Ann (the "Lessee") leases an office in Ted's (the "Lessor") building for a one year term. At the end of the period specified in the lease, the lease ends according to its terms, and possession of...
Ann (the "Lessee") leases an office in Ted's (the "Lessor") building for a one year term. At the end of the period specified in the lease, the lease ends according to its terms, and possession of the office reverts to Ted. If Ann dies during the period of the lease, what happens to the leased property?
At times, commercial landlords will include options in the lease to terminate the lease upon the death or disability of the tenant. In this case, the tenant would no longer be financially responsible for upholding the lease should the tenant die or become disabled. However, a landlord would not want to include such a clause for all tenants.
A death and disability clause is generally most beneficial to the landlord when the tenant is a small firm whose main owner is also the sole person who generates any income for the firm. In the event that the sole person who generates income is no longer able to do so, the landlord would find it more financially beneficial to terminate the lease and find a new lessee. It is generally beneficial for landlords to include death and disability clauses in leases for such small firms as those of attorneys, dentists, doctors, and other professional service providers.
Hence, in the above scenario, if Ted included a death and disability clause in the lease, then he could easily terminate the lease upon Amy's death and find a new lessee. It would have even been beneficial for Ted to have included such a clause because it sounds like Ann is a professional service provider of some sort who is the only person who generates revenue for her firm.
However, if landlords like Ted choose not to include death and disability clauses, then firms also have the option of taking out insurance policies that cover their lease and other overhead expenses in the event they are no longer able to uphold the lease due to death or disability. Finally, if the firm fails to insure lease coverage against death and disability, then the landlord has legal claim to the tenant's estate.
The simple answer to the question is that, if Ann is the sole lessee of the premises and dies before the end of the lease term, the premises revert to Ted, the Lessor. Part or all of the lease payment most likely derives from Ann's ongoing business activities within the premises, and once her activities stop, the lease payments will stop, which will be a default under the terms of the lease, allowing the Lessor to begin an action to repossess the premises. Her death or, rather, her absence from business, will also likely trigger a few other defaults under the lease--the duty to carry on business activities, maintenance of certain areas within the leased premises, maintaining permits and licenses relating to the business, and maintaining appropriate business insurance. The Lessor also has the right to protect his property, and if there is no one in the premises, his property is now at certain risk (perhaps the power and heat are not working), and he will take possession in order to maintain the property.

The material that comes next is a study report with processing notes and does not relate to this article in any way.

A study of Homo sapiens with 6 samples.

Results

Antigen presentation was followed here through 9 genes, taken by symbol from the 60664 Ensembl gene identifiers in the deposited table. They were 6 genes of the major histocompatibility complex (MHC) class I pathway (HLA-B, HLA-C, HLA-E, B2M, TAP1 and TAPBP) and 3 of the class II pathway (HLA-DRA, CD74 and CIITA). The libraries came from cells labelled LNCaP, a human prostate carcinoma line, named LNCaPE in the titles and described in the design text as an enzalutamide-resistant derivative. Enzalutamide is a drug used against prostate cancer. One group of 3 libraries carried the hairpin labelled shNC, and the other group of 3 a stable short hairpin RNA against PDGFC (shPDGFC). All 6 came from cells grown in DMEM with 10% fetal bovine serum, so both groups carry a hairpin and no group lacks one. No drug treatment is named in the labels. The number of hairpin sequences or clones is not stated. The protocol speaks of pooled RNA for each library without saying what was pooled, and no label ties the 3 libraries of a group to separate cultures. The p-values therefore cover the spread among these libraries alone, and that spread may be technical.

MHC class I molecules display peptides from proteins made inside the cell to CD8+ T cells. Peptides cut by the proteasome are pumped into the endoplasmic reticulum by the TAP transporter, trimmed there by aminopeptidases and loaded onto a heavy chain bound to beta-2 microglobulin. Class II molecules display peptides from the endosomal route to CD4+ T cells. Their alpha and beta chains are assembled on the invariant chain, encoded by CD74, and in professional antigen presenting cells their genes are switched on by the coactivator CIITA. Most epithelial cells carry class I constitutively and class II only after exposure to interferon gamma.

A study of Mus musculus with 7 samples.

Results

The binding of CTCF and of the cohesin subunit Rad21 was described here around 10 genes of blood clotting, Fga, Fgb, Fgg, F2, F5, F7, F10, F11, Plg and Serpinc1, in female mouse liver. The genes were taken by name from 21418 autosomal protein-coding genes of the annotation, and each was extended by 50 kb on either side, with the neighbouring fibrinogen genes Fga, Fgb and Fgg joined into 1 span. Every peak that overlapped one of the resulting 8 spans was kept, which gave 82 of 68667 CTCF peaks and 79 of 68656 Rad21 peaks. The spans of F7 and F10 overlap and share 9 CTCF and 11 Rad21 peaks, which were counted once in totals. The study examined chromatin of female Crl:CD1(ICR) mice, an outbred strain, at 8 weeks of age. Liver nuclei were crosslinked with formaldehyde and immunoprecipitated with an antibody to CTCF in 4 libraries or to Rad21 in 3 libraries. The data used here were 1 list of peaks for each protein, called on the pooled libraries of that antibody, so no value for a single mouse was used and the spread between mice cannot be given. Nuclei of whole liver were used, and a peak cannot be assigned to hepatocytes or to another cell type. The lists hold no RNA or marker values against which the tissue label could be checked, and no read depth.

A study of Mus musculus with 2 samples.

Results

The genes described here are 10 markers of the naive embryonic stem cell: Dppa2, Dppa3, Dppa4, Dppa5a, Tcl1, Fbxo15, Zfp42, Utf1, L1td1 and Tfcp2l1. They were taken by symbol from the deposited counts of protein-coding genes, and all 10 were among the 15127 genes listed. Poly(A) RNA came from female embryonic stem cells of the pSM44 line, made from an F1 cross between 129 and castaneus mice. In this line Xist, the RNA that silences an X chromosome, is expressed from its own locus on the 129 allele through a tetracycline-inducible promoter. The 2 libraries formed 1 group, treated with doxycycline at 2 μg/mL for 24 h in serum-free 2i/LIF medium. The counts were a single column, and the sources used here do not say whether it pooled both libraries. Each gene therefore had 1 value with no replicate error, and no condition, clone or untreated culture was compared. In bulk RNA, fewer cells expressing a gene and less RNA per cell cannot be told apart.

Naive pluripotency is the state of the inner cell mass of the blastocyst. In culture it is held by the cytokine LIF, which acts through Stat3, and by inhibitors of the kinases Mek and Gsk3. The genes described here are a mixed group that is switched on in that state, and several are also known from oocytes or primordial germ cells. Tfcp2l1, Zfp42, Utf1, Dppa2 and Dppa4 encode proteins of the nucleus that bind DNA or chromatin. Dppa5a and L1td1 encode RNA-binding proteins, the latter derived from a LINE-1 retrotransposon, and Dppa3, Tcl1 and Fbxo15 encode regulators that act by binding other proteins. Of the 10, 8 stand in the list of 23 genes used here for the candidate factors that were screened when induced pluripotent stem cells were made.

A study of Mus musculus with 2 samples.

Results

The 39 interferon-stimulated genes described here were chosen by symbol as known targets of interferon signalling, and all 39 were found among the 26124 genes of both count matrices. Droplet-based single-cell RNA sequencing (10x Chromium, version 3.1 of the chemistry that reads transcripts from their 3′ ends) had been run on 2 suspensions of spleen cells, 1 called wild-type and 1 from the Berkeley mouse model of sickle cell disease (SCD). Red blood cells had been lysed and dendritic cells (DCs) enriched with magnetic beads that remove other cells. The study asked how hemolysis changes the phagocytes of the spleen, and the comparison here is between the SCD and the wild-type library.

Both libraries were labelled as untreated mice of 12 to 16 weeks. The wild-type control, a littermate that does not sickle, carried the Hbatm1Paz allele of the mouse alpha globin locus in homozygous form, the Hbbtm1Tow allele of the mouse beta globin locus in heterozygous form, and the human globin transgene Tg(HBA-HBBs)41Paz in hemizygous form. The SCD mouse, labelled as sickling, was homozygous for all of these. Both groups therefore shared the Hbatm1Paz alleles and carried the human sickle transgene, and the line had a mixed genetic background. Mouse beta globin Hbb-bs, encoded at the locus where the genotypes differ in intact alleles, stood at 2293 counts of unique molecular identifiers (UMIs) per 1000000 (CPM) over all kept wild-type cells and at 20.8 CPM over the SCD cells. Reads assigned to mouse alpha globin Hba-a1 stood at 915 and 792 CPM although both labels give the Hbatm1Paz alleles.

If, however, the lease contains either assignment or sublet provisions, and Ann has properly assigned her lease to another party or sublet the premises to another party--with the Lessor's consent--this party has the legal right to assume Ann's obligations under the lease. The lease terms would be changed to reflect that another party is now the Lessee, and all other lease terms would remain as they are in the original lease between Ann and Ted. In many cases, the original Lessee in an assignment or sublet situation may retain responsibility for some lease obligations, often as a guarantor for the new party, and in this case, Ann's death would be a breach of that obligation.
Ann's death does not relieve her of the rent obligation for the property. Unless the specific cause of breach is addressed in the original contract, the death is treated like a simple breach of contract. It may seem strange, but there are several reasons the property is maintained by Ann's estate.
First, there may be disbuted property in the office which requires storage and protection. Upon recepit of notice of death Ted is obligated to protect the property from theft or damage. As long as the estate continues to pay rent the lease is enforceable. As a practical matter the executor of Ann's estate is the responsible party to ensure payment is produced.
In addition to disputed property there may be accounts recievable which need to be recovered by the estate. For example, if Ann had an accounting service and clients still owed her money the estate may choose to keep the office open and staffed to facilitate the payments.
If the estate does not want to keep the property Ted is free to relist the property or convert it to his own use. However, the estate is still responsible for any lost rent as if Ann voluntarily vacated. Ted must also return any portion of the security deposit not used for normal wear and tear to the estate.